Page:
Summer Projects: Predicting Pine Productivity with Drought Indices

This post is part of a series highlighting the summer projects from our office’s undergraduate research assistants. This part of this series is by Colin Loftin, who is finishing his degree in Meteorology and a minor in Mathematics at NC State University.

Drought is an important subject, and given the conditions in the western part of the country, a timely one. Drought is also important to growers, and as collaborators on the PINEMAP project, which is studying loblolly pine growth in the southeastern US, we wanted to investigate the historical impact of drought on pine productivity.

The goal of this study was to determine, through simple statistical comparisons, whether a relationship exists between the numerous drought indices, and yearly Total Net Primary Production (TNPP) which was provided by researchers from PINEMAP. If relationships were in fact present, the second goal was to determine which drought index was the best predictor of yearly TNPP.

The native loblolly pine range, in green, from the Atlas of United States Trees by Elbert L. Little, Jr.

The drought indices examined were the Palmer Drought Severity Index (PDSI), the Palmer Hydrological Drought Index (PHDI), the Palmer Z Index (ZNDX), the Modified Palmer Drought Severity Index (PMDI), and the Standardized Precipitation Index (SPI) calculated at 1, 2, 3, 6, 9, 12, and 24 month intervals. After completing the comparison of these indices, we also looked at the effect of precipitation — yearly and warm-season (April-October) averages — on TNPP.

For an initial analysis, correlations were calculated across the entire PINEMAP region. The correlations calculated for this set were all quite low, with most R values ranging between 0 and -.17.

Since there were not strong correlations with the first set, correlations between the TNPP yearly averages and the drought indices were calculated at a finer spatial scale: climate division level. These correlations varied wildly between climate divisions. Unfortunately this is likely due to a lack of data in most climate divisions. The longest period of record in any climate division was 25 years, with most climate divisions having less than 15 years of data.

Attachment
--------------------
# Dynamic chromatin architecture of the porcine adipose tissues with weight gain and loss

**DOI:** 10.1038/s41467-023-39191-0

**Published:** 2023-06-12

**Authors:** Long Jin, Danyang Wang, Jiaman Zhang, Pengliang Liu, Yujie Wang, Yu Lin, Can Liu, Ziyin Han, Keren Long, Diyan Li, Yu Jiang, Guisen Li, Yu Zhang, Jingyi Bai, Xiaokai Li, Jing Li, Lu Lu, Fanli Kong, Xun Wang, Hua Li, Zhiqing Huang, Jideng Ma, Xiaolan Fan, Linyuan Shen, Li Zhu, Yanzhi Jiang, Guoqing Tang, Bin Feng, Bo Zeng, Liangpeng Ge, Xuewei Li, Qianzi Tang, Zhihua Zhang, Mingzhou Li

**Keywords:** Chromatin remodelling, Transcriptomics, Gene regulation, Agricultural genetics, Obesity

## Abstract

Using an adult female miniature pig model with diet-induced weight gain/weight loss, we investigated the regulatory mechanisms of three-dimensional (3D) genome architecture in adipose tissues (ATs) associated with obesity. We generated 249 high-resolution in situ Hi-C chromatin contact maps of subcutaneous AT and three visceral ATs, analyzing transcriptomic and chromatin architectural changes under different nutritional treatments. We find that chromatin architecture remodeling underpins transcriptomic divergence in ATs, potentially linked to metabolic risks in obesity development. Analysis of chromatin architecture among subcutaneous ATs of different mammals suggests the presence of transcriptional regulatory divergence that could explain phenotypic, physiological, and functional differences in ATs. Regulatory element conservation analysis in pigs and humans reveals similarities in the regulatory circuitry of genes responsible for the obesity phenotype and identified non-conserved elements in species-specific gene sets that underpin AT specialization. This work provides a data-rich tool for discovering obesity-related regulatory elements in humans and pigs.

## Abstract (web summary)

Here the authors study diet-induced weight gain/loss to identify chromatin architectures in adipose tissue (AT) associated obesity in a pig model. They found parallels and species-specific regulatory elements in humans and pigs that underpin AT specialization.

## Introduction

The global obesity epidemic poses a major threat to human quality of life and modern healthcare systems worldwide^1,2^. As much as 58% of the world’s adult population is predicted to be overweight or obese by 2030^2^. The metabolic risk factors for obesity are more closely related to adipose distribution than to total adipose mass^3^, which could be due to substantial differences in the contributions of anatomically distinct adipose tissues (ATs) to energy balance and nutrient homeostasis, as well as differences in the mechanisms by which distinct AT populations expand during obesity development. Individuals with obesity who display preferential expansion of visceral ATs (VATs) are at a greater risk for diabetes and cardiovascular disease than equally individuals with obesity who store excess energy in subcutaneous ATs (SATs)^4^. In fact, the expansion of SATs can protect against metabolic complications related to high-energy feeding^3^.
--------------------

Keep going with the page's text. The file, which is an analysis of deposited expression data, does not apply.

A scatterplot of TNPP vs. three-month SPI values during the summer shows very a weak correlation, as did many of the analyses.

Precipitation was also compared with the TNPP values, however the results were much the same as the drought indices. It was suggested to us by Ge Sun, a Research Hydrologist with the US Forest Service, that the minimum precipitation threshold for pine growth is around 700-800 millimeters per year. In almost every single year and climate division considered, annual precipitation exceeded this threshold. If the pine trees in the areas studied were regularly receiving sufficient rainfall, this could be a main reason why this study’s correlations were so low. Guidance from PINEMAP researchers suggested that fertilizer use is an even more significant predictor of growth than precipitation.

Based on the data and results from this study, any connection between precipitation or drought indices and pine productivity is weak or negligible. While unlikely, it is possible that a relationship does exist when viewed at the climate division level, but unfortunately, a lack of data makes it difficult to draw this conclusion with any confidence. In the future, examining these relationships on a more localized scale as well as having a longer period of data could allow for stronger conclusions to be made. It would also be interesting to take into account factors such as fertilizer use or harvests.